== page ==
Thousands of DNA cutters, akin to the bacterial enzymes used in the gene-editing system CRISPR, have been discovered in a diverse host of species, including snails, algae, and amoeba. The finding proves that the proteins, called Fanzors, are widespread in eukaryotes – the group of organisms that comprises fungi, plants, and animals – and have potential for applications in medicine and biotechnology.
Fanzors are RNA-guided enzymes that, like CRISPR enzymes, can be programmed to cut DNA at specific sites. Their discovery earlier this year made them the first such enzymes to be found in eukaryotes and sparked hope that a novel technology for human genome editing could be on the horizon.
Now, by adding over 3,600 more enzymes into the Fanzor repertoire, the new research provides scientists with an exhaustive set of DNA cutters that could be developed into tools for research or medicine.
“People have been searching for interesting tools in prokaryotic systems for a long time, and I think that that has been incredibly fruitful,” McGovern Fellow Jonathan Gootenberg, who co-lead the research, said in a statement. “Eukaryotic systems are really just a whole new kind of playground to work in.”
It is the researchers’ hope that Fanzor enzymes, which naturally evolved in eukaryotic organisms and their viruses, will be better suited to the task of DNA cutting in other eukaryotes, and that, therefore, a safer and more efficient genome editing system could be developed in humans.
The team has already demonstrated that some Fanzors are capable of targeting DNA sequences in human cells, even without optimization. “The fact that they work quite efficiently in mammalian cells was really fantastic to see,” Gootenberg added.
There may be other benefits to a Fanzor system too: “The Fanzor systems are more compact than CRISPR proteins and therefore have the potential to be more easily delivered to cells and tissues,” Professor Feng Zhang, who first reported the RNA-guided DNA-cutting ability of Fanzors, but was not involved in the new study, told IFLScience when the discovery was announced.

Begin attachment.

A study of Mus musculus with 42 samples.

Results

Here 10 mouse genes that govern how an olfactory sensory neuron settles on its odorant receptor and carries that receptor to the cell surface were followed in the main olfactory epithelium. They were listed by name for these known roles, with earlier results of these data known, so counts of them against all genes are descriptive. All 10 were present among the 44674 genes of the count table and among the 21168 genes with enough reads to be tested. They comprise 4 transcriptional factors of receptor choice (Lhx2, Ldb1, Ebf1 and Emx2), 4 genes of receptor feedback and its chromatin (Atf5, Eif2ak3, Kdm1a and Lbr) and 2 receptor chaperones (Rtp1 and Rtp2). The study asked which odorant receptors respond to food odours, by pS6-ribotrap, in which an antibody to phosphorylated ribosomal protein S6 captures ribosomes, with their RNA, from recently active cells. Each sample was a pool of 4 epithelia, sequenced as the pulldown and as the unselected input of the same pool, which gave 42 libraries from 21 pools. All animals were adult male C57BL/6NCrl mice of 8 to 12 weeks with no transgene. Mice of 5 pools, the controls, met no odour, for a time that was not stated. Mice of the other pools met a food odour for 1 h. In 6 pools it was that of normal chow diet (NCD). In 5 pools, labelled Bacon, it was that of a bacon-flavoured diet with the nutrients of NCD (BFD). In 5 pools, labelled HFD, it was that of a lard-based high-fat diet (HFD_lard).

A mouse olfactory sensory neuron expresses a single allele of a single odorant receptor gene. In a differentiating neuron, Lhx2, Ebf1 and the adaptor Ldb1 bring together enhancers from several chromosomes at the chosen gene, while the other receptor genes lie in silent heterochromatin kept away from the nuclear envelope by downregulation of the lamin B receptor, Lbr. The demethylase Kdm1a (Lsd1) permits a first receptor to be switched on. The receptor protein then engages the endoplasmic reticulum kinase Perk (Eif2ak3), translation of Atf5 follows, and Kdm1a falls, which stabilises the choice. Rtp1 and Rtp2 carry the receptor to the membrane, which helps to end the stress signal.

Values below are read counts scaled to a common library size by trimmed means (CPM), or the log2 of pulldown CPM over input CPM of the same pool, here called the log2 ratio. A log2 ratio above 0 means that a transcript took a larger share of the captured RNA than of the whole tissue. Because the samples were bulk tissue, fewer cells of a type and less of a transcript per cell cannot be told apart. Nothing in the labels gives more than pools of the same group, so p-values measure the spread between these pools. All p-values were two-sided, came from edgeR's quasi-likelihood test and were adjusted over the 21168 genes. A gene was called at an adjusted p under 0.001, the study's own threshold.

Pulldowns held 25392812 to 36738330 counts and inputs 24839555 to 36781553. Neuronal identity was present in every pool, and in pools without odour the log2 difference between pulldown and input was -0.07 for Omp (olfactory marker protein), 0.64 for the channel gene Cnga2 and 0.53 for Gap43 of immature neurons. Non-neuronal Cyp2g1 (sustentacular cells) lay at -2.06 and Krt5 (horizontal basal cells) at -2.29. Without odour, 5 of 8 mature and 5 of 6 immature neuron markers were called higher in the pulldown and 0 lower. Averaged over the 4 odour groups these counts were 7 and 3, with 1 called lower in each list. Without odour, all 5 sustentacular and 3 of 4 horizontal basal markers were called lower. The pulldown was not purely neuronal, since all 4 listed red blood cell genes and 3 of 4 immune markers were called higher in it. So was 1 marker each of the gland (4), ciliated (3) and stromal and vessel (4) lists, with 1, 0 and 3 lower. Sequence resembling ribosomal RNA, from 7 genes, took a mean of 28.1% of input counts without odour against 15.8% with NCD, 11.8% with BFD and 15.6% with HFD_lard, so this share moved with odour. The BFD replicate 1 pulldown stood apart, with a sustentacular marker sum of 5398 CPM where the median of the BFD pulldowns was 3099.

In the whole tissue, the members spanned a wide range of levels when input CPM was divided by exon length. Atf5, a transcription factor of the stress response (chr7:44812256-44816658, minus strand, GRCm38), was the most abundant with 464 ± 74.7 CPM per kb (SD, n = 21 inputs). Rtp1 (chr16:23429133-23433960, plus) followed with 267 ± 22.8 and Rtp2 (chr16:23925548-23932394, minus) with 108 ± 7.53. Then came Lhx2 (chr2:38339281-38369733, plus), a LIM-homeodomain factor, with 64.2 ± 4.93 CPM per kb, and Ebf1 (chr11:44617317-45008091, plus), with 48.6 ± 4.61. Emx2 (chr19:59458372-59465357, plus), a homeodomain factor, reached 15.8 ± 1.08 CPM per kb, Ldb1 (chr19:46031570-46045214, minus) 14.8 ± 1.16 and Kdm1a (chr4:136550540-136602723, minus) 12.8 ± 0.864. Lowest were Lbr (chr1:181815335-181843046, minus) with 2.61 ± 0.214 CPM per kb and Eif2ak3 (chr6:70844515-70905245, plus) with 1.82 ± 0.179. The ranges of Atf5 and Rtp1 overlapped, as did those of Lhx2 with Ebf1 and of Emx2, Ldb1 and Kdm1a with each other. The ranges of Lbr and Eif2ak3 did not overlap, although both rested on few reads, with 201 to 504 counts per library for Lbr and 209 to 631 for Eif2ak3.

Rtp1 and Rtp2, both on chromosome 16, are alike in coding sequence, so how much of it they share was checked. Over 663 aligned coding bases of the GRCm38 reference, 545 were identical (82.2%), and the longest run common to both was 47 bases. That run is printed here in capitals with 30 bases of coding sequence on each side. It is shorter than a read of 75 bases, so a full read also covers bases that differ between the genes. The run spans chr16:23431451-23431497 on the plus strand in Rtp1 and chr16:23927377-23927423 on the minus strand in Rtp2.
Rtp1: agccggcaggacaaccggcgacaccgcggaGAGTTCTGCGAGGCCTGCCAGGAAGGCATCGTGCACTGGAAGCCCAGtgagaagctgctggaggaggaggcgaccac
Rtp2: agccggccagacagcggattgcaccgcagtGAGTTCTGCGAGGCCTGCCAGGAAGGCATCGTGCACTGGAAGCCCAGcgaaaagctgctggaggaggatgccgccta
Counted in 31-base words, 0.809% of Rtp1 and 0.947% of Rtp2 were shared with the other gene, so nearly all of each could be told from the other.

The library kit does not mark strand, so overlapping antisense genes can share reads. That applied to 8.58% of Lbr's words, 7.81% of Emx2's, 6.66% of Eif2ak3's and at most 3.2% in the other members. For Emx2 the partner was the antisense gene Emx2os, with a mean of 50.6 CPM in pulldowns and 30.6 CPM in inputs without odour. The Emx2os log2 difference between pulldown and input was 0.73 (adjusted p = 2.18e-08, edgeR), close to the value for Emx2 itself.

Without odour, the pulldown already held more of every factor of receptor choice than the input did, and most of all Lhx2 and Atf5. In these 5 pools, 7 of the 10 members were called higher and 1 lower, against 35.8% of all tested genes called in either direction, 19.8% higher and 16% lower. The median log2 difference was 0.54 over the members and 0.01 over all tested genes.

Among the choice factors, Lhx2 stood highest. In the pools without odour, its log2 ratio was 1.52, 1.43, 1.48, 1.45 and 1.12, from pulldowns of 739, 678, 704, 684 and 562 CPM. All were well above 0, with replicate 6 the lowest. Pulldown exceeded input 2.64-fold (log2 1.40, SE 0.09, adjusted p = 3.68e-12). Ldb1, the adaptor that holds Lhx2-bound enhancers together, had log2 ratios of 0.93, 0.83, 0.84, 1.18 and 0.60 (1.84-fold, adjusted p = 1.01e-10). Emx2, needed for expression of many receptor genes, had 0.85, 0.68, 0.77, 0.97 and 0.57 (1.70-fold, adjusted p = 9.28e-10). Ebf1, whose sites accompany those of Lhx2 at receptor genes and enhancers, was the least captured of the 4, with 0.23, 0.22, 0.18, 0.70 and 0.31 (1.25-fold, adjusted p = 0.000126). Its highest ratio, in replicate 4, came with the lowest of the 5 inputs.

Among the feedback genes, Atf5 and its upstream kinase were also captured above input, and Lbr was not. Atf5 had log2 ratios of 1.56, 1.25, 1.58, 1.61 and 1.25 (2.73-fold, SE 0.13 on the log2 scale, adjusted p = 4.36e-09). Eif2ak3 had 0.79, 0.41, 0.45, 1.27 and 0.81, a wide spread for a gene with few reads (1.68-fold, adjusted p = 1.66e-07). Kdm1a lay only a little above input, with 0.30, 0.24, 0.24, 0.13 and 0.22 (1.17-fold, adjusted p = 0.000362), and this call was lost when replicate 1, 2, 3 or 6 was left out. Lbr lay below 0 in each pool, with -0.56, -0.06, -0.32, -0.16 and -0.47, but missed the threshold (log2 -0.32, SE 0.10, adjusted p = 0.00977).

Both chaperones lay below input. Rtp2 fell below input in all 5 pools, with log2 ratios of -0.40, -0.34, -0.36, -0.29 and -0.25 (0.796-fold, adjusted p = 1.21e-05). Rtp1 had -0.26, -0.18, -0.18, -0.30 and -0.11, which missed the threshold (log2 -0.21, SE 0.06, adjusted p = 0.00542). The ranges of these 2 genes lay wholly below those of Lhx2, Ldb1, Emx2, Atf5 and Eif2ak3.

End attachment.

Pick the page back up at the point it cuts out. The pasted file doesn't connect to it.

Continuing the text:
Zhang also suggested that there may be less risk of off-target effects, at least when using the fungal Fanzor protein that his team studied in detail.
Building on Zhang’s work, Gootenberg and co-authors expanded the known diversity of Fanzors by an order of magnitude and were able to identify five families among the more than 3,600 new enzymes. They were also able to shed some light on their evolutionary history.
It is likely that Fanzors evolved from bacterial enzymes called TnpBs, their similarity to which is what first drew scientists’ attention to them. The team believe that TnpBs may have entered eukaryotic cells and triggered Fanzor evolution more than once, after which the enzymes evolved features suited to their new environment.
They also discovered that Fanzors have a distinct active site from their bacterial predecessors, allowing them to cut DNA more precisely.
The team hope that with additional engineering, Fanzors could one day represent a new frontier of RNA-guided biology and pave the way for novel gene editing tools. “It’s a new platform, and they have many capabilities,” said Gootenberg.
“Opening up the whole eukaryotic world to these types of RNA-guided systems is going to give us a lot to work on,” co-lead author and McGovern Fellow Omar Abudayyeh added.
Not content with the thousands they’ve already discovered, the team is keen to keep searching for more such enzymes:
“The broad distribution of Fanzor nucleases among diverse eukaryotic lineages and associated viruses suggests that many more currently unknown RNA-guided systems could exist in eukaryotes, serving as a rich resource for future characterization and development of new biotechnologies,” they write in their conclusion.
As they say, the more the merrier.
The study is published in Science Advances.